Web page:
Here is an excerpt from an article written by Emma Martinho-Truswell for Harvard Business Review and the HBR Blog Network. To read the complete article, check out the wealth of free resources, obtain subscription information, and receive HBR email alerts, please click here.

Credit:  Taylor Callery/Getty Images


So, what should all of your employees be learning about AI? There are three important questions that any member of your team should be able to answer: How does artificial intelligence work? What is it good at? And what should it never do? Let’s look at each in more detail:

How does it work? Team members who aren’t responsible for building an AI system should nonetheless know how it processes information and answers questions. It’s particularly important for people to understand the differences between how they learn and how a machine “learns.” For example, a human trying to analyze one million data points will need to simplify it in some way in order to make sense of it — perhaps by finding an average, or creating a chart. A machine learning algorithm, on the other hand, can use every individual data point when it makes its calculations. They are “trained” to spot patterns using an existing set of data inputs and outputs. Because data is fundamental to a machine’s ability to provide useful answers, a manager should ensure that her team members should have some basic data literacy. This means helping people to understand what numbers are telling us, and the biases and errors that might be hidden within them. Understanding data — the fuel of AI — helps people to understand what AI is good at.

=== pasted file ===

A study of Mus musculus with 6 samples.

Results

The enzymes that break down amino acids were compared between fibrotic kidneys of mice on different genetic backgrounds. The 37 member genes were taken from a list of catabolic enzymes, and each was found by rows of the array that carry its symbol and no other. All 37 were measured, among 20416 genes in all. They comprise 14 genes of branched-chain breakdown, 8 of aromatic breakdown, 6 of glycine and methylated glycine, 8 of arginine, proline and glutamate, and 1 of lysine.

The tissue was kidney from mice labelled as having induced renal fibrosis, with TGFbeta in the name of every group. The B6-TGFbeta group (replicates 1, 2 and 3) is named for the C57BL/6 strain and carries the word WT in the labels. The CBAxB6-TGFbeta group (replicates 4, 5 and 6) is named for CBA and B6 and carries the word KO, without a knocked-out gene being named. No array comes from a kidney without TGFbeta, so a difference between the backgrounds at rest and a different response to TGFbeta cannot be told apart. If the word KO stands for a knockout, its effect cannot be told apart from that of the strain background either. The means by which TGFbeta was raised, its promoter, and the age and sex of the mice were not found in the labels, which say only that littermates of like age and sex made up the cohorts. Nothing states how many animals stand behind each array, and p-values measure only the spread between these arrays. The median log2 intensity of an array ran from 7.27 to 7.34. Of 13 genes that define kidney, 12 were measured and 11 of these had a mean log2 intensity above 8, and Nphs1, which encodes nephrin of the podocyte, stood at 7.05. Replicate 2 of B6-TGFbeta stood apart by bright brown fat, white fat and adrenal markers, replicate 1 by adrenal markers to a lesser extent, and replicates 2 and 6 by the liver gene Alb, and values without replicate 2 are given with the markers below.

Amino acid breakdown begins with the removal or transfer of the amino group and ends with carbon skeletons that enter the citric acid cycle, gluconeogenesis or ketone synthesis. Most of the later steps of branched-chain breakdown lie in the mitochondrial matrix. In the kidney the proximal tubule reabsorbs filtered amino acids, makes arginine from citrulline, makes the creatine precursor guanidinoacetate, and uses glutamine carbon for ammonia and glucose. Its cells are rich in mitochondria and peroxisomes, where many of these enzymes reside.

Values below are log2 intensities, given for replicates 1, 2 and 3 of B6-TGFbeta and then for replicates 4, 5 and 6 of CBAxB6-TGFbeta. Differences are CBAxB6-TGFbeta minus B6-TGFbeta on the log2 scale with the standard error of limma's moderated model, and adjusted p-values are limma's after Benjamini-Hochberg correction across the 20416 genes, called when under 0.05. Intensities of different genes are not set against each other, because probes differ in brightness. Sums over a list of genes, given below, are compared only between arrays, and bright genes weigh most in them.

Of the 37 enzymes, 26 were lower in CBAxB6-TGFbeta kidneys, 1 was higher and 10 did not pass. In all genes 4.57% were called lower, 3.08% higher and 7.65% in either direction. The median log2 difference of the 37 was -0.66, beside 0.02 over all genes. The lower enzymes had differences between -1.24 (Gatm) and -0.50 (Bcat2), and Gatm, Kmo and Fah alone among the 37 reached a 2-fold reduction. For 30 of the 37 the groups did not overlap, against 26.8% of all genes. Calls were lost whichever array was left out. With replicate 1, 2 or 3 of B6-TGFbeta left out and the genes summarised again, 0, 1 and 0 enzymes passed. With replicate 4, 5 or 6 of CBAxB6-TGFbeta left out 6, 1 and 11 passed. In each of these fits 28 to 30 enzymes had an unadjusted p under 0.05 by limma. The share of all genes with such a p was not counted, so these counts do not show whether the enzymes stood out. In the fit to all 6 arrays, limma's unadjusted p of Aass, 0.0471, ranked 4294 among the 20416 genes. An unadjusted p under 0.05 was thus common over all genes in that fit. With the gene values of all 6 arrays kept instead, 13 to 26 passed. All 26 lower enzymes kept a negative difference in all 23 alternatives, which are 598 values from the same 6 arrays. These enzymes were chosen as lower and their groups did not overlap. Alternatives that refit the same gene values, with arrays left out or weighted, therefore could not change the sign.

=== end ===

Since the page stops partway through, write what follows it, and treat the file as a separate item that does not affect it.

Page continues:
What is it good at? Machine learning tools excel when they can be trained to solve a problem using vast quantities of reliable data, and to give answers within clear parameters that people have defined for them. My expenses software is a perfect example: it has the receipts of its millions of users to learn from, and it uses them to help predict whether a cup of coffee from Starbucks should be categorized as travel, stationery, or entertainment. Learning what machine learning is good at quickly helps someone to see what machine learning is not good at. Problems that are novel, or which lack meaningful data to explain them, remain squarely in the realm of human specialties. Help your employees to understand this difference by showing them tools they already use that are powered by AI, either within the organization or outside it (such as social media advertising or streaming service recommendations). These examples will help team members to understand AI’s enormous potential, but also its limitations.


Emma Martinho-Truswell is the co-founder and Chief Operating Officer of Oxford Insights, which advises organizations on the strategic, cultural, and leadership opportunities from digital transformation and artificial intelligence.